Breast Reduction in San Francisco
WHO IS A CANDIDATE?
Any woman with excessively large breasts, at any age, may find breast reduction beneficial. Women in their seventies can have the operation if they are in good health. Infrequently, teenagers as young as thirteen may have uncontrolled breast growth and require surgery. Usually, however, it is best to wait until breast growth has stopped before considering surgery, so that further growth will not undo the effects of the operation.
If the operation requires sufficient breast tissue to be removed, your insurance may cover part of the costs of the operation. Dr. Cedars's staff will be happy to submit a request to your insurance company, which should be done well before surgery in order to maximize the chances for coverage.
WHAT CHANGES CAN BE EXPECTED?
The breasts will be smaller and lighter. Sagging will be reduced or eliminated and the nipple and areola, which have usually settled lower down on the breast, will be placed higher on the breast mound. You may obtain reduction in pains in the shoulders, bra strap regions, neck, and back. Your posture may change. You may be able to wear different fashions. Many women have an easier time finding clothing that fits comfortably.
Deciding to have breast reduction is a very personal matter, and different women will approach the operation with different goals. Some complain of embarrassment and feeling stared at. Some want to be able to do high-impact exercise and are physically limited by their large breasts. Some find the appearance unattractive and simply prefer the body proportions that go with smaller breasts. Some women may have had large breasts for many years and want the freedom of having smaller breasts. Some women enjoy the appearance of larger breasts but want just to reduce sagging but not give up any breast volume. For them, a breast lift by itself may be appropriate.
Large breasts may be associated with enlargement of the areola, the pigmented skin surrounding the nipple. If you desire, it is possible to reduce the areolar size as part of breast reduction.
You should discuss your preferences with Dr. Cedars at the time of office consultation.
Nipple and areolar sensation can be reduced or, smoetimes, increased after breast reduction surgery.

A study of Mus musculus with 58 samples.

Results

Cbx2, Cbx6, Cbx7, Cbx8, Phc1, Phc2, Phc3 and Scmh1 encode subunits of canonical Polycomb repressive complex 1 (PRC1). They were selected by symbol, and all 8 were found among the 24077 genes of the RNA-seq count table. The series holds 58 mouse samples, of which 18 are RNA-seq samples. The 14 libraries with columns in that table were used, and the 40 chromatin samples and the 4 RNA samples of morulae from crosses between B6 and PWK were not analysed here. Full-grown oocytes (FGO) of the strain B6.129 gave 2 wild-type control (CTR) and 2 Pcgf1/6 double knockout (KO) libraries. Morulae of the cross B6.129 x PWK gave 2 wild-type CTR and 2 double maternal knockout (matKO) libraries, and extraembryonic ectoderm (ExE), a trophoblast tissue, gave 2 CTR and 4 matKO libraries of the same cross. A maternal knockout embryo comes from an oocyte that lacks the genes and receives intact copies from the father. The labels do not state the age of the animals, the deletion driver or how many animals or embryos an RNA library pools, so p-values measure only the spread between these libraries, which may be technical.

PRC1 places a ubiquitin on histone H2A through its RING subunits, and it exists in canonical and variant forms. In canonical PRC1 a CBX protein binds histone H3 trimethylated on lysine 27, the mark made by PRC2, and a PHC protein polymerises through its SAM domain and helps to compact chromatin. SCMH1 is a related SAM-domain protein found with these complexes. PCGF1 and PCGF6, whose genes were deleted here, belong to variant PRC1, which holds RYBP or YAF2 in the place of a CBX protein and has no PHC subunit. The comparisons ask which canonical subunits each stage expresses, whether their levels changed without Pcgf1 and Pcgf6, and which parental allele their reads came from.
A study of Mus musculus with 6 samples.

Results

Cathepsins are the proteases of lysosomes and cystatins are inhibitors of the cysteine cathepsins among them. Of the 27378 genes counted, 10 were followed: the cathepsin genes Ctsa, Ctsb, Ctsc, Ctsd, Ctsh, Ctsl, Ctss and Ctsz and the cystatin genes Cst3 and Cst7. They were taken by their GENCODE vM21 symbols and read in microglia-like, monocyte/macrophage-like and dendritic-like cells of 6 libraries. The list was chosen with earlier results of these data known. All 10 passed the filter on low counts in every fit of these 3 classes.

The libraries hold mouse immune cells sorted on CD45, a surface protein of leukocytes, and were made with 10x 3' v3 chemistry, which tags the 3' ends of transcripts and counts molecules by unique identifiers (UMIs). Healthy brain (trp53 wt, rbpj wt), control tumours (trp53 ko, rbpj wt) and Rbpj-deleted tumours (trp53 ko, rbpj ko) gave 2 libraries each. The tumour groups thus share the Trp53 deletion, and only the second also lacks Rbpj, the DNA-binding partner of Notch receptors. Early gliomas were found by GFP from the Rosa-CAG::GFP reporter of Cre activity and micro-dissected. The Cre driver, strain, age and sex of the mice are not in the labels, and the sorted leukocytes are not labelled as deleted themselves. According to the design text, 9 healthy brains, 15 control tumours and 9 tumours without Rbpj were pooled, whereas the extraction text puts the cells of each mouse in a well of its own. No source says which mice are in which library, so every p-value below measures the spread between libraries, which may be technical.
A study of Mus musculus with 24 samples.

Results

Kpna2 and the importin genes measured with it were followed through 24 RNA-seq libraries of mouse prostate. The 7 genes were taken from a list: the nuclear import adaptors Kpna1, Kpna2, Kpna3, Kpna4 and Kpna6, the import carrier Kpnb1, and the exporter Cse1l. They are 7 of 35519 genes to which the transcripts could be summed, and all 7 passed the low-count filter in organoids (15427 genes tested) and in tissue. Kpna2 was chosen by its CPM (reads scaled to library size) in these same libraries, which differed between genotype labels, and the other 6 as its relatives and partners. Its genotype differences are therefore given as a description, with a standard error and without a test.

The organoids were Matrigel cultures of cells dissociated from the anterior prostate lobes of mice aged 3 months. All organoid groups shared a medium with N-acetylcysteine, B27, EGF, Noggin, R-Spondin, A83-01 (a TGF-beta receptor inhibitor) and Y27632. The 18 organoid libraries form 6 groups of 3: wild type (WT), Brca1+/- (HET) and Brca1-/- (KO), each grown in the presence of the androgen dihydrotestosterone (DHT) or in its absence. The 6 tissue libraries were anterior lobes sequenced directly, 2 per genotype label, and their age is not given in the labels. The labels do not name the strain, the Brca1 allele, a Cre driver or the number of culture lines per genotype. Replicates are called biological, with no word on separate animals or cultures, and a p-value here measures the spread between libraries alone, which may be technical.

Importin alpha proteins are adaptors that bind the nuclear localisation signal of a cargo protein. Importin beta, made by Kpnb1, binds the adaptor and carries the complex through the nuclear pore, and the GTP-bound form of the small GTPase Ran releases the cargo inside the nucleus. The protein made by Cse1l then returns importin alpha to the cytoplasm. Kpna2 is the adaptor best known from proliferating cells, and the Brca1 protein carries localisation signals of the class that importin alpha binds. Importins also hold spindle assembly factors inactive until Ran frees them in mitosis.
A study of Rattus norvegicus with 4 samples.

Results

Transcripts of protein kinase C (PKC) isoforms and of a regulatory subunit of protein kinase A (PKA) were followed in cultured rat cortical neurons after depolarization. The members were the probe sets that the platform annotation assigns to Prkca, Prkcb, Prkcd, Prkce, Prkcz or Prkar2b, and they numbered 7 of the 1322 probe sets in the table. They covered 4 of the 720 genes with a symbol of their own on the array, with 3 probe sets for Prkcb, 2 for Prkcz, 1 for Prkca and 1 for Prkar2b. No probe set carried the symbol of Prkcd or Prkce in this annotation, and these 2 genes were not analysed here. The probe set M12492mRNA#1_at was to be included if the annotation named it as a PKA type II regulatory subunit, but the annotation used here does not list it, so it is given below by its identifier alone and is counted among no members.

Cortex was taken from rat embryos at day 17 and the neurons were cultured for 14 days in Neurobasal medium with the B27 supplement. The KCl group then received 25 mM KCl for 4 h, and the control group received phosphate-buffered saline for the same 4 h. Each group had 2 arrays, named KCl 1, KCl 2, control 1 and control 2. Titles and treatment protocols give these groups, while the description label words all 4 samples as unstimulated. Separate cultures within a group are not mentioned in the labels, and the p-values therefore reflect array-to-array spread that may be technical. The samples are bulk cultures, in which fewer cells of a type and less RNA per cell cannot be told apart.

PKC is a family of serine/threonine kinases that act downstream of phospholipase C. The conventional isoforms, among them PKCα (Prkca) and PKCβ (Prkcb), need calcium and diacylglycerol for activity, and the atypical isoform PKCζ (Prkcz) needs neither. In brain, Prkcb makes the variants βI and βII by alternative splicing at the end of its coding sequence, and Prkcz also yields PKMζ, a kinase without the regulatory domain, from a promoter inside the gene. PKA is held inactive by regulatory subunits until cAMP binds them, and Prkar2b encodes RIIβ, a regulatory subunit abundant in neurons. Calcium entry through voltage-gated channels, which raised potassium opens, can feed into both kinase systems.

HOW IS THE BREAST REDUCTION DONE?
The breast mound is made smaller by removing some of the breast tissue--the breast consists of glands, which can produce milk, and fatty tissue, and some of both are removed with surgery. A lift is part of all breast reductions. A breast lift is achieved by removing some of the breast skin, usually on the lowest part of the breast, so that the remaining breast tissue is fitted into a smaller skin envelope. The nipple and areola are usually left attached to the breast mound but are repositioned higher on the breast. This is done by cutting free and lifting up the skin on the upper breast, moving the reduced breast mound higher on the chest wall, and then draping the upper breast skin down around the nipple/areola and tailoring things into place. Dr. Cedars will explain this to you at the time of consultation.
The most common scar patterns are an "anchor" shape--the scars make a circle around the areola, a curving line along the junction of the bottom of the breast with the chest wall (the "inframammary fold"), and a vertical line connecting the two along the central line of the breast. And a “lollipop” scar, which encircles the areola and than extends at a vertical line down to the bottom of the breast.
The operation is done under general anesthesia as an outpatient. Recovery is typically 7-14 days before returning to desk work, longer for strenuous physical exertion. Patients take narcotics for an average of 3-5 days. Unlimited activity is possible when the scars reach nearly full strength, about 6 weeks after surgery.